Sulfur in West Texas: Its Geology and Economics, by J. B. Zimmerman and E. Thomas. 35 p., 9 figs., 1969. ISSN: 0082-3309. Print Version.


To purchase this publication as a PDF download, please order GC6902D.

From the Introduction
Sulfur, along with salt, coal, and limestone, is one of the basic raw materials of the chemical industry. A nation’s per capita sulfur consumption is a reliable index to its chemical production and a rough index to its standard of living. Sulfur, with its many properties, has literally hundreds of uses; most is used in the manufacture of fertilizers, fibers, papers, pigments, pharmaceuticals, and explosives.


Sulfur or brimstone is one of the oldest elements known to man. It was used more than 4,000 years ago in rituals of sacrifice and as a bleaching agent for cotton. The Chinese, around 500 B.C., used sulfur as an ingredient in gunpowder. Arabian alchemists are thought to have discovered sulfuric acid in the 8th Century while trying to convert sulfur to gold.


Sulfur became commercially important in 1791 with the development of the Leblanc soda ash process in France (Ambrose, 1965, p. 901). The sulfuric acid industry, which began in the United States near the end of the 18th Century, now uses about 87 percent of the total production.


Sulfur plays an increasingly vital role in American industry and agriculture. The 1966 sulfur shortage motivated are evaluation of West Texas geologic and economic potential for sulfur production and a re-examination of its lengthy but spasmodic sulfur history.


The occurrence of sulfur in West Texas was first reported in Culberson County in 1854 by William P. Blake, a geologist attached to the War Department (Evans, 1946, p. 5). The first detailed investigation of the surface occurrences in Culberson County was made by G. B. Richardson about 1903. According to Richardson (1905, p. 590), a furnace was constructed in Culberson County about 1900 for extracting sulfur from surface deposits. Two or three carloads of refined sulfur were shipped before the operations were discontinued. E. L. Porch (1917) made an extensive study of the surface sulfur occurrences in Culberson and Reeves counties in 1916. He visited and described eighteen locations in detail and discussed eight others (fig. 4, p. 15). He stated that the surface deposits were being mined once again (1917) and that 40 tons of native sulfur had been shipped to market from the Michigan mine. This project was abandoned soon afterwards, probably due to the abrupt drop in market prices following World War I.


In 1900, a deposit of native sulfur was discovered in Pecos County in the Turney well (Adkins, 1927, pp. 102, 103; Richardson, 1904, p. 65; Udden, 1917, pp. 2-3). A lack of the necessary fuel and water for Frasch mining caused abandonment of the project. It is rumored that Frasch mining was tried in this well, but the rumor could not be substantiated.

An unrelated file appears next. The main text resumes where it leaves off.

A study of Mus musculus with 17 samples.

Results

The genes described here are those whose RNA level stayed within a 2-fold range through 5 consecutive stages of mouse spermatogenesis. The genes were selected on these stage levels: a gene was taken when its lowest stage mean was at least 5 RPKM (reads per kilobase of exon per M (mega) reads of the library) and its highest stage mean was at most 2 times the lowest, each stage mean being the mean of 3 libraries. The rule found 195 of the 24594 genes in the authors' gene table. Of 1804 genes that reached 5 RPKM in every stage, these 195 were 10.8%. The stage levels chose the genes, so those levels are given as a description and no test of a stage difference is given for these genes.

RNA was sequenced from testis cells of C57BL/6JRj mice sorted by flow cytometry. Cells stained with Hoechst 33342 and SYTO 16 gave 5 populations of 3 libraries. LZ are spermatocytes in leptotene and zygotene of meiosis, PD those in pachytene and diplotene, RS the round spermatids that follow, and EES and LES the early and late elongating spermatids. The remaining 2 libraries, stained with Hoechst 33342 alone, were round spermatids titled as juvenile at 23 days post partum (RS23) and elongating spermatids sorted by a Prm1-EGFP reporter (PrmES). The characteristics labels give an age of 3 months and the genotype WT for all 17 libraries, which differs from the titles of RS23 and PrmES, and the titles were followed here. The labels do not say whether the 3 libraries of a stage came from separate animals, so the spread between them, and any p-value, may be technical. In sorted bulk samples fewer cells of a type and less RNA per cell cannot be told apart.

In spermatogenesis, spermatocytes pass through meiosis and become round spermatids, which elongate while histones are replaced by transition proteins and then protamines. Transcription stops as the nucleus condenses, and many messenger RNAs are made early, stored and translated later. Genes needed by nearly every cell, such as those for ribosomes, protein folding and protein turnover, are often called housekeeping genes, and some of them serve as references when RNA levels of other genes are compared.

Glen L. Evans, in his study of the Rustler Springs district, described some of the acidic sulfur earth deposits and discussed their use as a source of mineral fertilizer (Evans, 1946).


A brief drilling program was conducted by Freeport Sulphur Company in Culberson and Reeves counties during 1948 and 1949 without promising results.


In 1967, large-scale sulfur exploration began in West Texas after Duval Corporation’s Frasch pilot operation near Fort Stockton proved successful.


In August of 1967 Elcor Chemical Corporation and its subsidiary, National Sulphur Company, announced plans to construct a facility in Culberson County to extract sulfur from gypsum. Although gypsum-based sulfur plants have been constructed in foreign areas where sulfur is a high-cost, high-producing commodity, the Elcor facility is the first domestic operation to undertake commercial extraction of sulfur from gypsum. The plant, known as the Rock House Facility, was scheduled to start operation early in 1969 at a production rate of 1,000 tons of sulfur per day.


Traditionally, sulfur exploration has come to West Texas only during times of short supply and higher prices. Attractive prices more than any other factor cause exploration. Nothing seems to fire the prospecting zeal of the explorationist more quickly than a price increase. Conversely, nothing will stop exploration any faster than a decline in market prices.

Keywords: sulfur, sulphur, West Texas, Pecos County, Tom Green County, Culberson County, Texas



Review of sulfur production, demand, and economics

Free World supplies

Frasch sulfur

Recovered sulfur

Future demand


Geology of West Texas deposits


Origin of native sulfur

Land and leasing

Exploration methods, reserve calculations, and costs

Methods of exploration

Drilling problems

Reserve calculations


Water supply

Descriptions of operations

Sinclair Fort Stockton sulfur plant

Allied Chemical Corporation Christoval West experimental project

Duval Fort Stockton property

Duval Culberson property

Rock House Facility




1. Production of Frasch sulfur in the United States, 1940-1968

2. United States and Free World sulfur production and consumption, with projected demands through 1986

3. Index to sulfur deposits and developments in West Texas

4. Sulfur occurrences and mining operations, eastern Culberson County, Texas

5. Occurrence of sulfur in the Fort Stockton area, Pecos County, Texas

6. Stratigraphic distribution of sulfur, University Lands Block 26, Fort Stockton area, Pecos County, Texas

7. Stratigraphic distribution of sulfur, Sinclair Oil Corporation's Fort Stockton area, Pecos County, Texas

8. Occurrence of sulfur in Christoval West area, southwestern Tom Green County, Texas

9. Stratigraphic distribution of sulfur, Allied Chemical Corporation's Christoval West area, southwestern Tom Green County, Texas

Zimmerman, J. B., and Thomas, E., 1969, Sulfur in West Texas: Its Geology and Economics: The University of Texas at Austin, Bureau of Economic Geology, Geological Circular 69-2, 35 p.